The Greek root of the word epiphany means “to appear,” “to become manifest,” “to show” or “to make known”.
God wants you to have an epiphany
The church season of Epiphany starts on Jan. 6, ending the 12 Days of Christmas. During this time after Christmas, we Lutherans think about three major events when Jesus’s identity and mission were made known to all people. God especially reached out to Gentiles (people outside the Jewish faith – folks like us!), as promised since times of old.
First, we celebrate the arrival of the Magi to visit the young child Jesus. These “wise men” possibly were astrologers from Persia; they noticed the appearance of an unusual star and, following it, found Jesus and his family living in Bethlehem. Most importantly, these non-Jews worshiped him. We Lutherans remember prophecy that “all nations” will recognize that God is Lord of All. In some cultures, people exchange gifts on this day instead of at Christmas.
On Sunday, Jan. 8, we celebrate the baptism of the adult Jesus. When Jesus rose up out of the water of the Jordan River, the Holy Spirit descended on him in the form of a dove, and the voice of God could be heard saying, “You are my Son, the Beloved.” This event gave people a hint at Jesus’ true identity.
On the last Sunday in Epiphany, Feb. 26, we celebrate the Transfiguration of Our Lord. During this event near the end of Jesus’ ministry, Jesus went up to a high mountain with his closest disciples. A bright light filled Jesus, and Moses and Elijah appeared with him. Again, God’s voice boomed out: “This is my Son, the Beloved. Listen to him!” We understand this event to show that Jesus fulfills God’s promises made through these great prophets.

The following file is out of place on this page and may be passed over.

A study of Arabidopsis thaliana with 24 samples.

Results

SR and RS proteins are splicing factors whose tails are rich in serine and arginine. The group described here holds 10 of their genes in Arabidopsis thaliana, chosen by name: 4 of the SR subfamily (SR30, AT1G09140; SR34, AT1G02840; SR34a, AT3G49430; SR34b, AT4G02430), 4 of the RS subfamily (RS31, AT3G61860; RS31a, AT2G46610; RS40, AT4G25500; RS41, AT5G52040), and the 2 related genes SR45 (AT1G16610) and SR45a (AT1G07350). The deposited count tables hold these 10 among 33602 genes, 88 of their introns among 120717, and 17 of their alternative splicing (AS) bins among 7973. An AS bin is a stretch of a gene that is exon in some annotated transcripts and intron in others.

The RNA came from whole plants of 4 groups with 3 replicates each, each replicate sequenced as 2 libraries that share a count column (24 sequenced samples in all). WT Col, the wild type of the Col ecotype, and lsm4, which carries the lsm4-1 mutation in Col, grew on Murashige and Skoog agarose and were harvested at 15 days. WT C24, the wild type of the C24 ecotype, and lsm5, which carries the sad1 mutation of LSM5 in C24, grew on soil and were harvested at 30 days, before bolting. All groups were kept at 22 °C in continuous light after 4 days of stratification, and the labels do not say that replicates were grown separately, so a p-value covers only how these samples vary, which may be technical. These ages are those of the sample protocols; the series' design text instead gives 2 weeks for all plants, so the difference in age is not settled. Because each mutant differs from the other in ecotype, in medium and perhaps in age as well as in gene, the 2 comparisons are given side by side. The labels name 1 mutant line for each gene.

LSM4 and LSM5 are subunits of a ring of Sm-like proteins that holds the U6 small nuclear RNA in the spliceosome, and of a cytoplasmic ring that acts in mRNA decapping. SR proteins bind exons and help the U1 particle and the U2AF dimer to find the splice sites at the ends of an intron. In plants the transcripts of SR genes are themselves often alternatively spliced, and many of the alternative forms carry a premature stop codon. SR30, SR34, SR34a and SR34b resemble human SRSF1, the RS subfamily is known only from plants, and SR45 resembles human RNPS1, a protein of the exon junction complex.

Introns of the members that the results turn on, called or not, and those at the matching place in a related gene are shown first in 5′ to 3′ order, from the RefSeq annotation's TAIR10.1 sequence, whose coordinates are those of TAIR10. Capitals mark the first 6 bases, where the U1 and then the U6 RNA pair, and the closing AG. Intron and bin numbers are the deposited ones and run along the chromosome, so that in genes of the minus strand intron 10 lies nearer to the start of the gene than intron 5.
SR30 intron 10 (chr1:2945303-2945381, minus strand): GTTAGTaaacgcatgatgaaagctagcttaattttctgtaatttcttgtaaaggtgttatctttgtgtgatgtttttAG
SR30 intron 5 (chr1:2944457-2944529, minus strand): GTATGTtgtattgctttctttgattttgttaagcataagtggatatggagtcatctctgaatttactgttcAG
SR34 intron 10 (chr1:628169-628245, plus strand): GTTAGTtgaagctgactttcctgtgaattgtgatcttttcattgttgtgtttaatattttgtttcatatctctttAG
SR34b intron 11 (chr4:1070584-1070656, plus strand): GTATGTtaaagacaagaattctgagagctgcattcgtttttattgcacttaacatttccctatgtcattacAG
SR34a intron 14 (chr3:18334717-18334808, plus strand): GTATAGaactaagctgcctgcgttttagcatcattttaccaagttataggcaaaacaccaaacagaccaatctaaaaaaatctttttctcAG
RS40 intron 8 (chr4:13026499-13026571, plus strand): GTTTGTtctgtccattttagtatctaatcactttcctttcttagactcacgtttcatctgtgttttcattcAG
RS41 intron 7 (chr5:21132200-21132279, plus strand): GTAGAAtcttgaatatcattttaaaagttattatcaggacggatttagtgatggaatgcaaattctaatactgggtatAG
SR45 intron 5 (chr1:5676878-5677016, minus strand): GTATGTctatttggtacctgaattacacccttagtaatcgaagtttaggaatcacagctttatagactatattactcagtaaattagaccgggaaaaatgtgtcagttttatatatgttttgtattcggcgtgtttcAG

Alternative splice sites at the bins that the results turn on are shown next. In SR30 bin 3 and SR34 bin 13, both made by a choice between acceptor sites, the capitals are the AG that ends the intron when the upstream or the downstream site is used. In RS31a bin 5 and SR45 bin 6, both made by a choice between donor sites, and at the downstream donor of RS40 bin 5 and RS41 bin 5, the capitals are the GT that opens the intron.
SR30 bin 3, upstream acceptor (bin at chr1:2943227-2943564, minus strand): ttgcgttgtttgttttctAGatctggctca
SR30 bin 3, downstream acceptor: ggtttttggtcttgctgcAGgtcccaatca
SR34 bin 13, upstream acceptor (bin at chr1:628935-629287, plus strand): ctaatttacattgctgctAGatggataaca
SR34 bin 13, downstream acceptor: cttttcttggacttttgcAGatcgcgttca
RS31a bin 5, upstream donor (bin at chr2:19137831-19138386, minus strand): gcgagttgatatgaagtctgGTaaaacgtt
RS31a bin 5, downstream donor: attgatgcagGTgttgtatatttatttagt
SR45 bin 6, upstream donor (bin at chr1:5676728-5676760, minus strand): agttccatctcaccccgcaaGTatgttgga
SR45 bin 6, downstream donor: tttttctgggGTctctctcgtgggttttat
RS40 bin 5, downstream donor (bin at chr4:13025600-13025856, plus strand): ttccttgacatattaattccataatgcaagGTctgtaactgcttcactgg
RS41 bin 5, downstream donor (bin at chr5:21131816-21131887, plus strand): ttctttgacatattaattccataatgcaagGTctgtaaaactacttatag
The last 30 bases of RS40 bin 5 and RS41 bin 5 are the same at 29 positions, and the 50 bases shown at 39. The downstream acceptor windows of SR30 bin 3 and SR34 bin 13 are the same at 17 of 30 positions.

Seasons of soul-growth
The Epiphany season continues until the day before Ash Wednesday. This year, “Fat Tuesday” falls on Feb. 28, and Ash Wednesday is March 1. That starts the church season of Lent – a time of reflection and repentance as we await the redemption and joy of Easter.
As the church year unfolds, we look to these “seasons” to guide us in our pilgrim journey here. Birth, amazement, joy, nourishment and growth give way to a time of looking inward, reflecting and making amends. That, in turn, leads to sacrifice, an outpouring of love, inner cleansing, more amazement and more growth.
Epiphany in color
On the first two Sundays of Epiphany, you’ll notice the colors white and gold in PEACE’s sanctuary. They remind us of the purity of Jesus the Christ. We feel joy seeing Jesus as the Light of the World.
After the first two weeks of Epiphany, you’ll see the color green in our sanctuary. Green – usually used during times that are not high holidays – signifies spiritual growth.
Then, on Transfiguration Sunday, we again use white in our sanctuary.
Jesus made known to us – today!
So, far from being a “down-time” between Christmas and Lent, we use the season of Epiphany to think about the ways Jesus appears in our lives every day – through a kindness done by us or for us, through the way we attend to another’s needs and see our own needs filled. We see the love of God flow through us, from us and to us.
The Gospels (the first four books of the New Testament, which describe Jesus’ life) tell us more stories about how Jesus’ divine identity and earthly role were “made known” to the people of his time. You’ll hear these stories when you come to worship on Sunday mornings during Epiphany!